At last week’s backyard chicken basics class, I admitted that our coop is a jumble of reclaimed parts and pieces, including two wooden boxes ‘saved’ from alley trash. Lil contributed a little whimsy with some Angry Birds pig faces painted on old rubber stepping stones. Our coop will not win any design awards but it works for us and shows that a coop can be made out of darn near anything.
Alex’s PVC chicken feeder is a bit more brilliant. Made from four pieces of durable, inexpensive pvc pipe, the feeder uses gravity to allow our hen access to grains at all times. We buy the Gregg’s Organic Ohio-grains layer feed from City Folk’s Farm Shop – I am so thankful to have it available locally now!
Cami Snyder, a lovely sophomore intern from Linworth Alternative High School, recorded and edited this impromptu chicken coop tour starring me, Lil, and Austra the Australorp hen. My favorite part of the video is when I’m showing off the next box and Austra is cooing.
2-3 foot length of 4-inch diameter PVC straight pipe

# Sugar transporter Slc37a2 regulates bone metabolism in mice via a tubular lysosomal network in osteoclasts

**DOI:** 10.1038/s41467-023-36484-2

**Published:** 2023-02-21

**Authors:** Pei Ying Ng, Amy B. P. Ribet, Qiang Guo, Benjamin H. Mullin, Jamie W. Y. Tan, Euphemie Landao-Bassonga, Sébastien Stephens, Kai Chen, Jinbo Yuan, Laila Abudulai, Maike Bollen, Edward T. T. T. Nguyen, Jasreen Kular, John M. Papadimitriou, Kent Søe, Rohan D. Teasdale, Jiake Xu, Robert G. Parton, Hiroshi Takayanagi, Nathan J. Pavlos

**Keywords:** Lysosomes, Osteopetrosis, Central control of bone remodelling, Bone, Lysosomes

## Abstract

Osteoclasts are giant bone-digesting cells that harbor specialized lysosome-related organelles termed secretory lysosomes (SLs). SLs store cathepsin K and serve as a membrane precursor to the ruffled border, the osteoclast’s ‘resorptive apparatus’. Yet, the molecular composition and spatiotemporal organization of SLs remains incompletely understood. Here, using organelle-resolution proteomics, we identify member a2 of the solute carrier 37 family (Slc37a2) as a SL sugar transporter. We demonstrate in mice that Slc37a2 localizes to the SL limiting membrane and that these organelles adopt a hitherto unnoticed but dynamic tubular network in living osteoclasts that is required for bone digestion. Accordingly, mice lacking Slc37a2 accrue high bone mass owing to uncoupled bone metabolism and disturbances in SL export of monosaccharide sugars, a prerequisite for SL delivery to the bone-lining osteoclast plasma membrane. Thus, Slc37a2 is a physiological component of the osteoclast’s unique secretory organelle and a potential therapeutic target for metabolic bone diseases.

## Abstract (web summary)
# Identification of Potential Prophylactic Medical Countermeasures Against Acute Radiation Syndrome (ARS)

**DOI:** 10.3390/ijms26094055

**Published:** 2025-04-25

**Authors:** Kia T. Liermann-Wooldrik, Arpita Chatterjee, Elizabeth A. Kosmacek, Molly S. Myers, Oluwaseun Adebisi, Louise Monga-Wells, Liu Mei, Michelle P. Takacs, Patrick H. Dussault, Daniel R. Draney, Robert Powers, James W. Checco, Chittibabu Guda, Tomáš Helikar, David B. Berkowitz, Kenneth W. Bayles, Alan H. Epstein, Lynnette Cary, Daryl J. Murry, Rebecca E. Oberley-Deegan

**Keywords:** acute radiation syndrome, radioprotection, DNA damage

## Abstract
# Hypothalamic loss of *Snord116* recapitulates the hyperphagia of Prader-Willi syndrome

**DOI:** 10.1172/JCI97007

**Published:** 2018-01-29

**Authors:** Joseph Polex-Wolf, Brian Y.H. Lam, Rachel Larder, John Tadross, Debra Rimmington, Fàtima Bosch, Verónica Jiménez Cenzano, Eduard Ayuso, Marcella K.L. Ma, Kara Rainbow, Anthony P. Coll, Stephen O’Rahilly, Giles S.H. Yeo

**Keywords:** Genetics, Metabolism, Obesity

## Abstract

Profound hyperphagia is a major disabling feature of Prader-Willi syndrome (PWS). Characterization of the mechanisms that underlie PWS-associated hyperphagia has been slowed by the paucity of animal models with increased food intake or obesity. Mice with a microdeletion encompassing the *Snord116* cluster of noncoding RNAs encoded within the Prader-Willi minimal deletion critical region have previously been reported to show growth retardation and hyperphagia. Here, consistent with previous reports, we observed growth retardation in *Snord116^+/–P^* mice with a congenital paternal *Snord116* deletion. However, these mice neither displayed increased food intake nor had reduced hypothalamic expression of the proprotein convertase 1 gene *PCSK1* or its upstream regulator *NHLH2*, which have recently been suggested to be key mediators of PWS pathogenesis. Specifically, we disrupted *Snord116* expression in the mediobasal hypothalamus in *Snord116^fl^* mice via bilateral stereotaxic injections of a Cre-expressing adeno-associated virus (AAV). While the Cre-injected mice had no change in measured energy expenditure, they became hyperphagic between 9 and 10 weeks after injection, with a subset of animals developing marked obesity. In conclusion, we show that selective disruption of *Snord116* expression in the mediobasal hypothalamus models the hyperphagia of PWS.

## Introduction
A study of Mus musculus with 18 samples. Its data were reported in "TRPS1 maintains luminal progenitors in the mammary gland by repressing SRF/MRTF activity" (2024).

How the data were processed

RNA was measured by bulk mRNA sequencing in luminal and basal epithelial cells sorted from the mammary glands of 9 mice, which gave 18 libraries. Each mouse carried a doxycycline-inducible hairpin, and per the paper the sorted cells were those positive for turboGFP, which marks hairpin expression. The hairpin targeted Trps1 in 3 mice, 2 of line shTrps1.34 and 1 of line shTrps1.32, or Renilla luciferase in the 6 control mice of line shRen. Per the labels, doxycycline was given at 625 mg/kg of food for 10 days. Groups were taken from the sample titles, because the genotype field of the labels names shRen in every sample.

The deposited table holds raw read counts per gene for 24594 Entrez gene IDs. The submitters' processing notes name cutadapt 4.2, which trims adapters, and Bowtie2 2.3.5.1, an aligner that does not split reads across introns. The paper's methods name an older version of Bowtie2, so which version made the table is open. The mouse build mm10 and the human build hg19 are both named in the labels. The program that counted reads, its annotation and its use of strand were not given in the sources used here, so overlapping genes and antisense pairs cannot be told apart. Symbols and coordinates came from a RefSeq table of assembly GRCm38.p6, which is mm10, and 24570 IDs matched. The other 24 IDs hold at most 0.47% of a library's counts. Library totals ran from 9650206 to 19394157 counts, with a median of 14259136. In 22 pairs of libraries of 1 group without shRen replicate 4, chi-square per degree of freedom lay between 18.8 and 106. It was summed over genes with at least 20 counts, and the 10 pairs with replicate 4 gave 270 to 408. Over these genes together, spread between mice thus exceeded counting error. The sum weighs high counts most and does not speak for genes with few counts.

1 4-inch slip-fit cap
1 4-inch to 2-inch coupler
1 2-inch 180 degree elbow with male end and female end
hand saw (we like the Japanese-style Fine Cut Pull Saw)
2 stainless steel screw eyes
2 s-hooks, screws, nails, and or wire on which the feeder will hang
1. Work in a well ventilated area. PVC cement can stain, so you may want a covered surface.
2. Cut food storage compartment (4″ pipe) to desired length based on capacity you want it to hold. Ours, measuring about two feet, feeds our single hen and snitching sparrows for about five days.
3. Use PVC cement to attach reducer to bottom of 4″ pipe by painting the inside of the reducer with PVC cement and then setting the straight pipe in place.
4. Attach the male end of the elbow to the 2-inch side of coupler with PVC cement.
5. Using a hand saw, trim feed end of elbow to horizontal with the ground so that chickens can feed easily. Use sandpaper to smooth the edges.
6. Twist screw eyes into the back of the 4 inch pipe near the top, allowing for the cap to fit.
7. Fill feeder from the top. Twist on the cap. It may need a little sanding to release easily.
8. Hang feeder from s-hooks mounted on a wire or nails on the run rail so that the bottom is 6 inches or so off ground.